You can choose from two main types of oxygen storage systems: stationary and portable. Some storage systems may be used to fill portable systems — combining both types. Most people use a combination of storage systems to keep costs down while maintaining an active lifestyle.
We’ll highlight the most common systems here.
Stationary oxygen storage systems
Stationary systems hold a lot of oxygen, but you can’t carry them around with you. Here are three types of stationary systems to choose from:
Oxygen concentrators are the most common and cost-effective in-home stationary systems. They remove nitrogen from room air to make 94-98% oxygen.
Concentrators are fairly small, weighing between 22-70 pounds. Most come with about 50-feet of supply tubing, which allows you to move around your home. They can achieve a liter flow rate of up to five to six liters per minute. They run on electricity, and need an electrical source. So, you’ll need a back-up oxygen supply in case a power failure occurs.
These units must be placed in a well-ventilated area and kept away from heat and flames. They also need routine maintenance for inspections, filter changes, and oxygen analysis. Newer models may have an oxygen concentration indicator. This measures the oxygen level administered by the concentrator. If it falls below a certain level, an alarm will sound.
Liquid oxygen reservoirs
These stationary systems have a large reservoir tank, which your oxygen supplier fills once or twice a month.
Reservoir systems require no electricity, have very few moving parts, and require little maintenance or repair. But, when dealing with liquid oxygen, you must be careful not to spill it. That’s because liquid oxygen is extremely cold and can injure the skin immediately upon contact.
A typical liquid oxygen reservoir weighs 124 pounds when filled and contains 31 liters, or 73 pounds, of liquid. At a flow rate of two liters per minute, this amount of oxygen lasts 208 hours, or eight days.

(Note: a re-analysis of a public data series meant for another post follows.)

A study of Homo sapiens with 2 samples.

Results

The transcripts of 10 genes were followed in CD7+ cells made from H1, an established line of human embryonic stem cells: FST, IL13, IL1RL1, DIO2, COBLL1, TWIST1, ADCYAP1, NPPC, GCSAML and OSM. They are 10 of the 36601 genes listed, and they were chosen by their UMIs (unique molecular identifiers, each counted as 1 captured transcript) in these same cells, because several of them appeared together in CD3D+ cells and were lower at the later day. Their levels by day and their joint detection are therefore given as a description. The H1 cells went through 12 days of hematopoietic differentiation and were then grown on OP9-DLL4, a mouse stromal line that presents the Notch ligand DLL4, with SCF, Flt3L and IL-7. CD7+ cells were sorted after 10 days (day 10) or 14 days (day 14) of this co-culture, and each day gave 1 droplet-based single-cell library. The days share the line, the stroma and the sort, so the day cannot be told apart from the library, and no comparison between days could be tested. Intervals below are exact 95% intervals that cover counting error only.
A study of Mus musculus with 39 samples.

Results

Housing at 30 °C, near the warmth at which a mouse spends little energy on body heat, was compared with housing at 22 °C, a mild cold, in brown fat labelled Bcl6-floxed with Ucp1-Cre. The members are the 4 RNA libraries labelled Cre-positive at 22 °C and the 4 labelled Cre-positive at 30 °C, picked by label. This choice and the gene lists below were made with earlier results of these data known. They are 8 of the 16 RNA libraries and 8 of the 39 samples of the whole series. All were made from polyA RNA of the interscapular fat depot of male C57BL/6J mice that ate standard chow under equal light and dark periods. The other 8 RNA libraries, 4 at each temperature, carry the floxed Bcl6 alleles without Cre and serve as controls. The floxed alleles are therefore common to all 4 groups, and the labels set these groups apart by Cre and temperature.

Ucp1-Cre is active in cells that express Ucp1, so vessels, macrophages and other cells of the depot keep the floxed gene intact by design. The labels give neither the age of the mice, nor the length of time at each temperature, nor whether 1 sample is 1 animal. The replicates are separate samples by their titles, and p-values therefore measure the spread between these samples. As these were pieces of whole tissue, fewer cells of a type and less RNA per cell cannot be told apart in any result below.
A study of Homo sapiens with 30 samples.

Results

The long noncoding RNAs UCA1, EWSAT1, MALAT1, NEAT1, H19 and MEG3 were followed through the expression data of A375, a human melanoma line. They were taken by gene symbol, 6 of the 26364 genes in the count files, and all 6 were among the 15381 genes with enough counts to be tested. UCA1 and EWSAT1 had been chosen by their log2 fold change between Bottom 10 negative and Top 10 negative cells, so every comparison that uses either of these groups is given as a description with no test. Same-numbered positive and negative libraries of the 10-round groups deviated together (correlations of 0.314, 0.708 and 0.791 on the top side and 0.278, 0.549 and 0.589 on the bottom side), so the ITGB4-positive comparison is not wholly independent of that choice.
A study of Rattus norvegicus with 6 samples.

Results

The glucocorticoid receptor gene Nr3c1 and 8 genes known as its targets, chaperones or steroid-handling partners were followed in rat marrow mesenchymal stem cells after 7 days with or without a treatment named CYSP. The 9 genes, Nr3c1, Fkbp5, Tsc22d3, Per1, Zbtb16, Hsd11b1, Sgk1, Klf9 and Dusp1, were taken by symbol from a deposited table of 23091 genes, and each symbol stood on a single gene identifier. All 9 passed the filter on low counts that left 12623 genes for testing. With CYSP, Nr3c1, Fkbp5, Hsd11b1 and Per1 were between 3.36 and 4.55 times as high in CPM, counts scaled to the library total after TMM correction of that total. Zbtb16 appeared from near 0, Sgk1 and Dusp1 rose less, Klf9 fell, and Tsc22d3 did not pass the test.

Liquid oxygen systems continually lose oxygen through evaporation, even when not in use. They’re great for regular use at home, or for filling up portable units. But they’re not suitable as an emergency back-up system.
Compressed gas oxygen
Compressed gas oxygen in large tanks or cylinders is another type of a stationary system. These large steel or aluminum tanks are heavy and can’t be moved easily. They must also be safely secured, so they don’t fall over and hurt someone.
Compressed gas oxygen may not be appropriate for some people who need continuous-flow oxygen. This system is better suited as a back-up system for a concentrator.
Portable oxygen storage systems
In the past, many people thought oxygen concentrators were for homebound, inactive people. But today’s newer, lighter-weight models are made for people on the move. Many work with car chargers and have battery packs. And some have conserving devices that allow you to spend more time away from home.
Liquid oxygen storage
As we mentioned earlier, most liquid oxygen reservoirs can be used to fill portable units at home. For instance, if you have a large liquid reservoir, you can connect small, portable liquid oxygen units directly to it, and fill them.
Compressed gas oxygen storage
Compressed gas comes in small cylinders in a range of sizes. The smaller ones it into backpacks, fanny packs, or shoulder bags.
The following listing outlines how long each cylinder size lasts at a rate of two liters per minute. If you add a conserving device, you’ll have more time.
- E-cylinder: up to five hours
- D-cylinder: up to three hours
- M9: up to two hours
- M6: up to one hour
E-cylinders weigh about 20 pounds. You can easily wheel one around on a cart or a stroller. Each cylinder has a regulator so you can adjust the flow rate. At a rate of two liters per minute, they only last a few hours.
People who use concentrators often choose E-cylinders for their back-up oxygen supply. But, they’re not appropriate as a sole source of oxygen for continuous, long-term therapy.
Note: Medicare only covers the cost of portable systems for use within your home, not for away-from-home activities.
For more in-depth information on this topic, please visit the Big Fat Reference Guide.